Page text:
GREEN BAY, Wis. (WBAY) - You've probably seen it on your social media feeds. Friends are trying the trendy Ketogenic Diet (Keto) in an attempt to lose weight.
Some have found success with the plan, including Green Bay mom Paula Bake.
"I was very depressed with how I was feeling about myself," Bake tells Action 2 News.
She say she tried several other plans to no avail.
"I did Herbalife, Nutrisystem, Weight Watchers," Paula says.
In January 2017, she started the Ideal Weigh program at Prevea Health. It's a Ketogenic and Partial Meal Replacement Diet.
"It's kind of mind blowing. When I look at that picture, I don't remember that, but when I look in the mirror, I don't see this either. It's really surreal," Bake tells Action 2 News.
A search of social media sites will turn up variations of the Keto Diet.
The Atkins Diet is a Ketogenic Diet that is high in fat and protein.
Other variations say to eat less fat and moderate protein.
The concept, however, is the same. Put a strict limit on carbs, forcing the body to burn fat stores for energy. The process is called Ketosis.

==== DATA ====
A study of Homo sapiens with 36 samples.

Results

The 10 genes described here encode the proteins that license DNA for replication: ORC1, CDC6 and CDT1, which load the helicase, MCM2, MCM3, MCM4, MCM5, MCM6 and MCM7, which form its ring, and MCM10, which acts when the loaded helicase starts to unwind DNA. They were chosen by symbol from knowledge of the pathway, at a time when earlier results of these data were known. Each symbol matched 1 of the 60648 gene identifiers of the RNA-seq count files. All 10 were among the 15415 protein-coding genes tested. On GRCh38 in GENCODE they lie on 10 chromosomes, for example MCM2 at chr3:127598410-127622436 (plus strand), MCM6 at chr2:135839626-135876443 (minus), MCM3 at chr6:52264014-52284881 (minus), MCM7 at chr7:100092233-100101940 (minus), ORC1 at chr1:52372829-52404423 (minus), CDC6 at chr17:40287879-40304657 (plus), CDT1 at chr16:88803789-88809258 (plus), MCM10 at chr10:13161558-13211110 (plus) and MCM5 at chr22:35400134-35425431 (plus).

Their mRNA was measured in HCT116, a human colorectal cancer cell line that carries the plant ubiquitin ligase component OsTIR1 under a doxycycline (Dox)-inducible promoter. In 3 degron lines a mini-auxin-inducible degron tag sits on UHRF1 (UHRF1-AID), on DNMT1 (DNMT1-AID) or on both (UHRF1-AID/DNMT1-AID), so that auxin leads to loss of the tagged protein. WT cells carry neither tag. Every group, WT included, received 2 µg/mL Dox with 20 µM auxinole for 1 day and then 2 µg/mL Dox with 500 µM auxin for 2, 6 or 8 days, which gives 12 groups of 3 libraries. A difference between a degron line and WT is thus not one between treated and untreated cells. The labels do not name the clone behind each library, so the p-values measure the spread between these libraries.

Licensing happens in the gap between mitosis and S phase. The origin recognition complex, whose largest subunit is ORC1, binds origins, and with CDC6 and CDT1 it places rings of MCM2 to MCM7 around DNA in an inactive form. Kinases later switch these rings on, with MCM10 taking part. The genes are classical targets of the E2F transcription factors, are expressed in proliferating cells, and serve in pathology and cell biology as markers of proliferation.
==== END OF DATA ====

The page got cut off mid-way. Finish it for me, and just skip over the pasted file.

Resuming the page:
"Absolutely this is a very effective way to lose weight," says Kari Jossart, Medical Director of Ideal Weigh at Prevea Health. "We see all sorts of different chronic illnesses improving. Acid reflux. Diabetes. High blood pressure."
If you're looking to drop a few pounds, but don't want to ban all carbs from your grocery cart, that's OK. A dietician says there is more than one way to find success.
"Carbohydrates incorporates so much of our diet, but if we stick with the healthier choices and watch the portion, they can be part of a healthy diet," says Deb Guenterberg, Dietitian, Prevea Health.
Guenterberg says making small changes can have a big impact.
"Let's just look at sugar. If you reduce your sugar, you are going to be eating healthier," Guenterberg says.
Ample protein is necessary because it keeps you from feeling hungry.
"If you look at your body weight in pounds and you divide it by two, that's a good estimate of how many grams of protein to have," Guenterberg says.
Regardless of what you choose, nutrition experts say the key is to pick something that you can turn into a lifestyle.